Airborne wind energy (AWE) uses kite-like devices to harness more powerful and consistent winds than turbines, with a tether transforming the pull force from the kite to a ground-station generator. Kitemill’s KM1 pilot system recently covered more than 500km during five hours of continuous operation, setting what is claimed to be a new record for AWE.
“Our technology performed efficiently and robustly, despite challenging weather conditions,” said Kitemill CEO Thomas Hårklau. “The five hours and 32 minutes of uninterrupted operation included one landing due to low wind. When the wind picked up, the kite relaunched and continued until sunset. The next day, the kite flew for an additional three hours before landing, accumulating a total flight trajectory of over 500km with an average wing load exceeding 3,500N, corresponding to an aircraft with a 350kg payload. This is a strong performance offering an impressive benchmark when compared to general unmanned flying operations around the world.”
Founded in 2008, Kitemill uses a sailplane drone as the ‘kite’ component in its KM1 system, relying on four propellers for taking off and landing. Once airborne, the ground station ensures optimal energy production as it controls the kite and the winch, with sensors on the kite providing data points for the control system to steer and balance the aircraft. The tether is made using braided polyethene fibres which allow for high-end durability while maintaining a low diameter, which is important for maximising energy transfer.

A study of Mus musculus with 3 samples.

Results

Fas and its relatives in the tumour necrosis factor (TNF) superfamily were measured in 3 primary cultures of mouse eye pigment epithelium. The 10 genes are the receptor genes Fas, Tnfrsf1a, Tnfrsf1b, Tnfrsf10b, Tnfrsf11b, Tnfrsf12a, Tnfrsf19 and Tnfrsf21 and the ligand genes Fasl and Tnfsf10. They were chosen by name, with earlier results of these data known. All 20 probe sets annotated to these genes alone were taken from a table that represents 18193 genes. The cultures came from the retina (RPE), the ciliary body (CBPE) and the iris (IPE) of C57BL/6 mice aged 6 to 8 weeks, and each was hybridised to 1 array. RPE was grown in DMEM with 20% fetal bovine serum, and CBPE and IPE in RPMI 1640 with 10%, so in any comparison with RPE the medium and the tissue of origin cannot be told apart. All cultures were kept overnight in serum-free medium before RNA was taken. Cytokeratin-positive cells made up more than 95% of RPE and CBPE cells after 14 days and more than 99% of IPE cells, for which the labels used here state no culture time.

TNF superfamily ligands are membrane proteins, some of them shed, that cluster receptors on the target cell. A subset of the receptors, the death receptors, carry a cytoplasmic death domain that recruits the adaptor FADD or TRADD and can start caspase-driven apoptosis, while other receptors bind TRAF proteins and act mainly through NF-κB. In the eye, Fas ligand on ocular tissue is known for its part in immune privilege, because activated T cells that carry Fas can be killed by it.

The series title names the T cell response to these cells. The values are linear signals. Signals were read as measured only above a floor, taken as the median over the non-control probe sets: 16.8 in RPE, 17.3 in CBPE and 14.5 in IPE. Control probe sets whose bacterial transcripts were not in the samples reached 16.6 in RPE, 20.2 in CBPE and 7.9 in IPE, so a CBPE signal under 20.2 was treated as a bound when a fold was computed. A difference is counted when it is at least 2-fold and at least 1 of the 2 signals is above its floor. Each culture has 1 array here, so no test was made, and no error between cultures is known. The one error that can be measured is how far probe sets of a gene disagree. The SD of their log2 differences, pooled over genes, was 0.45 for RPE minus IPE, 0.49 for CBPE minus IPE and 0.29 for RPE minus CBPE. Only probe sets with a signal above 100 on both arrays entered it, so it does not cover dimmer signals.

According to Kitemill, AWE is suitable for many more locations than traditional wind energy and requires significantly fewer materials. However, the ground station for the KM1 pilot plant is just 20kW, meaning vast fleets of kites would be required to match the output of the most powerful turbines. Kitemill said AWE can offer an alternative as prime sites for wind farms become scarcer. A recent report from BVG – commissioned by Kitemill - estimated that cumulative global deployment of AWE could reach 5GW by 2035 and 177GW by 2050.
“Operating at heights between 300 and 500 metres we are able unlock vast areas of high-capacity wind power, ensuring a stable energy output,” said Hårklau. “As such, our technology is viable in many more sites compared to established wind technology. This will be an especially important factor in years to come as countries struggle to source suitable wind farm locations.
“In addition, AWE offers increased energy per square km, with around five times the energy density of conventional wind. It also has significantly lower CAPEX – using just 10 per cent of the materials required by wind turbines of the same capacity. Another considerable benefit is the ultra-low environmental impact. Barely visible from the ground, there is minimal environmental interference from construction through to operation. With less investment tied up to any given site, AWE technology can also be easily relocated during its lifespan.”